Late in the afternoon on Sept. 21, 1938, Carl Langenbacher, Skipper of the Sea Scout Flagship Dauntless out of Noank, Conn., was a nervous wreck. On a business trip in New York State, Langenbacher began hearing news reports of a terrible storm touching down in Noank, where his wife, infant daughter, and 12-year-old Sea Scout son lived in a house just a couple hundred feet from the high-tide line.
Unable to reach his family, Langenbacher did the only thing you could do in 1938: He drove home.
“All that night, I shoved through high water, sawed trees,” Langenbacher wrote in a letter that appeared in the January 1939 issue of Scouting magazine. “By morning I knew that this was more than a bad storm; it was a hurricane, mighty nature on the loose, with murder and destruction in her eyes.”
The unnamed hurricane (the World Meteorological Organization didn’t start naming storms until the 1950s) reached max sustained winds of around 120 miles per hour, with gusts up to 186. Vehicles were crushed. Trees were toppled. Power lines were down. Structures were damaged.
Langenbacher knew right away that the authorities would be overwhelmed. To make it through this, they would need the help of ordinary citizens.
“If only I could have been there,” Langenbacher wrote. “The Dauntless men would have been out; helping where they could, doing a Scout’s job in a Scout’s way; practicing what I had always preached: service.”
But Langenbacher, it turns out, was wrong. Working with local authorities, the Sea Scouts of the Dauntless knew exactly what to do, even with their skipper a whole state away.
They didn’t know it at the time, but they were about to become the subjects of the first Scouts in Action comic in Boys’ Life (now Scout Life) magazine.
Stories About Heroes
Boys’ Life had long been in the business of telling heroic stories of Scouts providing emergency aid. But it wasn’t until 1947 that those stories came to life with a comic book-style illustration under the title of Scouts in Action.
The magazine credited that first Scouts in Action to Bob Brent and Fred Kida.
Kida, who died in 2014 at the age of 93, was a prolific artist, and would eventually go on to produce work for such titles as Flash Gordon, Luke Cage, Iron Man, Captain America and Spider-Man.
Brent, by all accounts, was not a real person. Most comic historians believe his real name was Robert Bernstein. Bernstein (as Brent) and Kida would team up many times over the next few decades, both in and out of Boys’ Life.
For the first Scouts in Action, Brent, Kida and the BL staff elected to illustrate Langenbacher’s story from eight years earlier in Scouting magazine.
On a late summer evening some years ago … near the port of Noank, Connecticut —
And so begins the tale of Langenbacher making it back home to find his wife and kids safe, and members of his Sea Scouts ship volunteering under the direction of local authorities to help where needed as the town recovered in the aftermath of the storm.
“What’s the gash in your head, son?” Langenbacher asks.
“Nothin’, pop — I mean, skipper,” his son replies. “A window was headin’ for sis, and I sorta grabbed it!”
Sea Scouts Lloyd and Ken stood guard at Langenbacher’s house, “keeping the hurricane out.”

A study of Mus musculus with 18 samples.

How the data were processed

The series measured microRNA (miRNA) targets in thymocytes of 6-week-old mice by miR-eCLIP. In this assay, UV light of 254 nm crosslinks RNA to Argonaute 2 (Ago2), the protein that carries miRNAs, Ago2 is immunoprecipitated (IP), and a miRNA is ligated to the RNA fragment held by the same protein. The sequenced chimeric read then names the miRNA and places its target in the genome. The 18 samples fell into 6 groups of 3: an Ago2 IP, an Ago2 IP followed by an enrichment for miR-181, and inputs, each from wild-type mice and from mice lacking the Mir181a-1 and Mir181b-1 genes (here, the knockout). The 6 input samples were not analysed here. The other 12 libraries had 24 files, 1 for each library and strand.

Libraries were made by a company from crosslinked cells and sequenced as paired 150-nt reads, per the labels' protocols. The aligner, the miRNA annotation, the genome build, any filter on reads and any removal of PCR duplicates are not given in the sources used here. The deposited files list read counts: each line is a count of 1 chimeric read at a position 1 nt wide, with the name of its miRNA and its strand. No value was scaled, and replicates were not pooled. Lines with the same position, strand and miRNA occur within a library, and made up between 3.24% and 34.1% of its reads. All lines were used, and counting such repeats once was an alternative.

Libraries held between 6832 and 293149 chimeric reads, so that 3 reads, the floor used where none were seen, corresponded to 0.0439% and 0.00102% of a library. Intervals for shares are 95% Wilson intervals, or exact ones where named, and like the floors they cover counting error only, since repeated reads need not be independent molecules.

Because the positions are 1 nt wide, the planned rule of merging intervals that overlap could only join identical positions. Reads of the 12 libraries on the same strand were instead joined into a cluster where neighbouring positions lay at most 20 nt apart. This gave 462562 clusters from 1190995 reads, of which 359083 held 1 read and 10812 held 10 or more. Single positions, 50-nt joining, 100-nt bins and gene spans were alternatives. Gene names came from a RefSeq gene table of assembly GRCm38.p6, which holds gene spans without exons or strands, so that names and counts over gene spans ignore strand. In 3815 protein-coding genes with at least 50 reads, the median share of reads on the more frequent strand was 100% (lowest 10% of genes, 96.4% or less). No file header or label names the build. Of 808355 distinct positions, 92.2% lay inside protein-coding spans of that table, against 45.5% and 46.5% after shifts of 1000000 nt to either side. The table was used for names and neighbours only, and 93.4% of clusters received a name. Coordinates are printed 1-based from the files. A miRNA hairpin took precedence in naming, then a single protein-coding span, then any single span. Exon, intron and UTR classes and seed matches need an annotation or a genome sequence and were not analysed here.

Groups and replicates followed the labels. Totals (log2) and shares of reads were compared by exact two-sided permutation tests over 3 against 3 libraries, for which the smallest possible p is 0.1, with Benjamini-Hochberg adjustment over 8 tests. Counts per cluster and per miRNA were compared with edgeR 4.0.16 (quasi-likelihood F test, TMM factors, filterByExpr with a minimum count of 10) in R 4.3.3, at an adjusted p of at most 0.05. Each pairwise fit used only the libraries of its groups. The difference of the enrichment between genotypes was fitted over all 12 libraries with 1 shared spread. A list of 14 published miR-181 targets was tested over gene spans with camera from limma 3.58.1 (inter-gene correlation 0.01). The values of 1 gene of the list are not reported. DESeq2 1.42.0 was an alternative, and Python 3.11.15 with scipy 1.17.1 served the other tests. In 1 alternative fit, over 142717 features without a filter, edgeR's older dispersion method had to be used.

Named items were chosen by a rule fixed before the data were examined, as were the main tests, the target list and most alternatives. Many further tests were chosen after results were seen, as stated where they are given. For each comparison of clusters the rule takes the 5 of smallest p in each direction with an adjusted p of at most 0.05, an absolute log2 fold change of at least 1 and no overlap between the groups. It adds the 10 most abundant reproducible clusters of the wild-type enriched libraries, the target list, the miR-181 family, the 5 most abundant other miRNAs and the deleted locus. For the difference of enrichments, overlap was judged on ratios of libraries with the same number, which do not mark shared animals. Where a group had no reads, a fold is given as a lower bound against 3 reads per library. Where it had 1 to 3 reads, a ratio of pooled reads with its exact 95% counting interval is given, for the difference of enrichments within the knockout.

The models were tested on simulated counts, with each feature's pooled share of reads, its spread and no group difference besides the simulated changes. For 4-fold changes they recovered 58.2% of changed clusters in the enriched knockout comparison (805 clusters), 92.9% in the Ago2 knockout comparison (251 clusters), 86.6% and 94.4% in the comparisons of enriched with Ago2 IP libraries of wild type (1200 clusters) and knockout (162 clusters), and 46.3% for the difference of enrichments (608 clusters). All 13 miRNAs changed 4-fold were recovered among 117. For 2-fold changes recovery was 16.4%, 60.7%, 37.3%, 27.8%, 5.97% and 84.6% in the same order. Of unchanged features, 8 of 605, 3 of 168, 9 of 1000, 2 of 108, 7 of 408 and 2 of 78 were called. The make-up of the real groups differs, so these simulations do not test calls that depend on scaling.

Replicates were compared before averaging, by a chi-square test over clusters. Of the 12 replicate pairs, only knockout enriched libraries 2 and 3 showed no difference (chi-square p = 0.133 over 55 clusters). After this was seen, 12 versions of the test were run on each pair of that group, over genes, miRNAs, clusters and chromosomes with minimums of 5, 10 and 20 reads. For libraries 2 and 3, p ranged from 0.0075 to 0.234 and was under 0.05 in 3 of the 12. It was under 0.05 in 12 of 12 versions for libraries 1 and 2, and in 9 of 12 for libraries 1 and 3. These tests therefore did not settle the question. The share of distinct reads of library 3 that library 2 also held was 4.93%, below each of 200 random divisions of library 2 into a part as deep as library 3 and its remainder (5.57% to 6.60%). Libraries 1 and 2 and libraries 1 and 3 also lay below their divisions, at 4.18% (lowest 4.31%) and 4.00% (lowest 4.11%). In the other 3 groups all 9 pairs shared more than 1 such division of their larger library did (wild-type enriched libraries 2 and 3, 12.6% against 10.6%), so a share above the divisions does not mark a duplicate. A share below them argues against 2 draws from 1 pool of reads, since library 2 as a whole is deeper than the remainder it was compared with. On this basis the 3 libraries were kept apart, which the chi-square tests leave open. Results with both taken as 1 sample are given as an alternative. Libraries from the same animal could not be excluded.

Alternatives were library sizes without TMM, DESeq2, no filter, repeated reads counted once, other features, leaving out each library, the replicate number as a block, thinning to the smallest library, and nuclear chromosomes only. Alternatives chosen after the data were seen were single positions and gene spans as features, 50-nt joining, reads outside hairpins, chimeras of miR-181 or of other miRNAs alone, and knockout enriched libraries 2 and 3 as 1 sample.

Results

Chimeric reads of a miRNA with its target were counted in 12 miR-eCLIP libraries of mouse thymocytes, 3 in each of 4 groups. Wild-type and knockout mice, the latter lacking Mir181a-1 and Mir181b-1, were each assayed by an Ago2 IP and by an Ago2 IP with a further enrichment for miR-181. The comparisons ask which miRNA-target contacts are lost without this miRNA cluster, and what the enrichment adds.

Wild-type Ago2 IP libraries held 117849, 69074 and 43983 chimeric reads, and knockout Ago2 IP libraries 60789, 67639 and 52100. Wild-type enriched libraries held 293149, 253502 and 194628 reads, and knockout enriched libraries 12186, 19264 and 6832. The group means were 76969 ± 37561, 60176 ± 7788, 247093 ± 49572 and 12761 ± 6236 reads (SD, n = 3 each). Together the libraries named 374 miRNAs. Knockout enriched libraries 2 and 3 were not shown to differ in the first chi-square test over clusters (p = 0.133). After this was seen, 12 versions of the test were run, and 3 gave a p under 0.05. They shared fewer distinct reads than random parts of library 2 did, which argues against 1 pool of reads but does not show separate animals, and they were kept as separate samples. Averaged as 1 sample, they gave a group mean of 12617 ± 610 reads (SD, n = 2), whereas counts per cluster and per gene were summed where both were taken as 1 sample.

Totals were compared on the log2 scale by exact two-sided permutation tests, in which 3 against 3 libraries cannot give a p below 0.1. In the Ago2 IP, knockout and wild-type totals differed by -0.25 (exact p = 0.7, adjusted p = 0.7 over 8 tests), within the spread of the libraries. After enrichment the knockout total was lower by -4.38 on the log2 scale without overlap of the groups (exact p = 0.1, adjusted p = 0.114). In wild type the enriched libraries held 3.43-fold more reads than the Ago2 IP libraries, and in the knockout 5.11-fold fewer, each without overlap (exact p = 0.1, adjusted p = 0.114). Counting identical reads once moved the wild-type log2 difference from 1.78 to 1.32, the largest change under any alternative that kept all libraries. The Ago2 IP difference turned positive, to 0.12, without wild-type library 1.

“Every man’s on patrol, sir, guarding homes,” reports another Sea Scout.
“And so it went — this spectacular tale of Sea Scout courage!” wrote Brent. “Sea Scouts standing duty at the fire alarm boxes for days! Distributing hundreds of telegrams! Rescuing the injured.”
Langenbacher, who would later write the 6th edition of the official Sea Scout manual, was understandably proud.
“I was afraid you Scouts would be hog-tied without my leadership,” the skipper says in the comic’s final frame. “But I was dead wrong! I learned that leadership takes care of itself, because Scouting is leadership!”
In the 75 years that have followed, the writers and artists have changed, but the overall spirit of Scouts in Action has not.
In the 1950s, the comic began featuring only Scouts who earned one of the BSA’s lifesaving medals.
In the September 1952 issue, Scouts in Action was included in Boys’ Life’s brand-new color section. In December 1952, the feature became known as “A True Story of Scouts in Action.”
In July 1976, the first woman was featuring in Scouts in Action, known as Explorers in Action for this issue.
And in 2007, the BL editors decided the only thing better than Scouts in Action would be More Scouts in Action.
Canadian illustrator Grant Miehm took over the Scouts in Action mantle in June 2000 and has been hard at work on it ever since.
“A lot of things make me believe in miracles,” says Miehm. “Miracles arrive in many ways, and they often sneak up on us in the best way. They bring the unexpected, just as they did one day back in late 1999, when I got a call asking me if I wanted to be involved in producing the Scouts in Action feature for the magazine.”
Miehm, who earned his Artist Badge as a member of the Scouts Canada Cub Scouts program, calls the May 2019 episode the favorite of his time as the main creative force behind Scouts in Action. But, he adds, he’s been inspired in some way by every one he’s done.
“Scouts in Action is more than just an assignment in the life of this illustrator,” he says. “It’s become a calling … one that exposes me every month to the accounts of Scouts who give their absolute best to genuinely help others in need.
“It’s often humbling and always inspiring to read about their bravery, courage and selflessness in the face of what is often absolute danger as I prepare each page. It’s been the greatest honor of my career as an artist, to have been involved in chronicling their exploits.”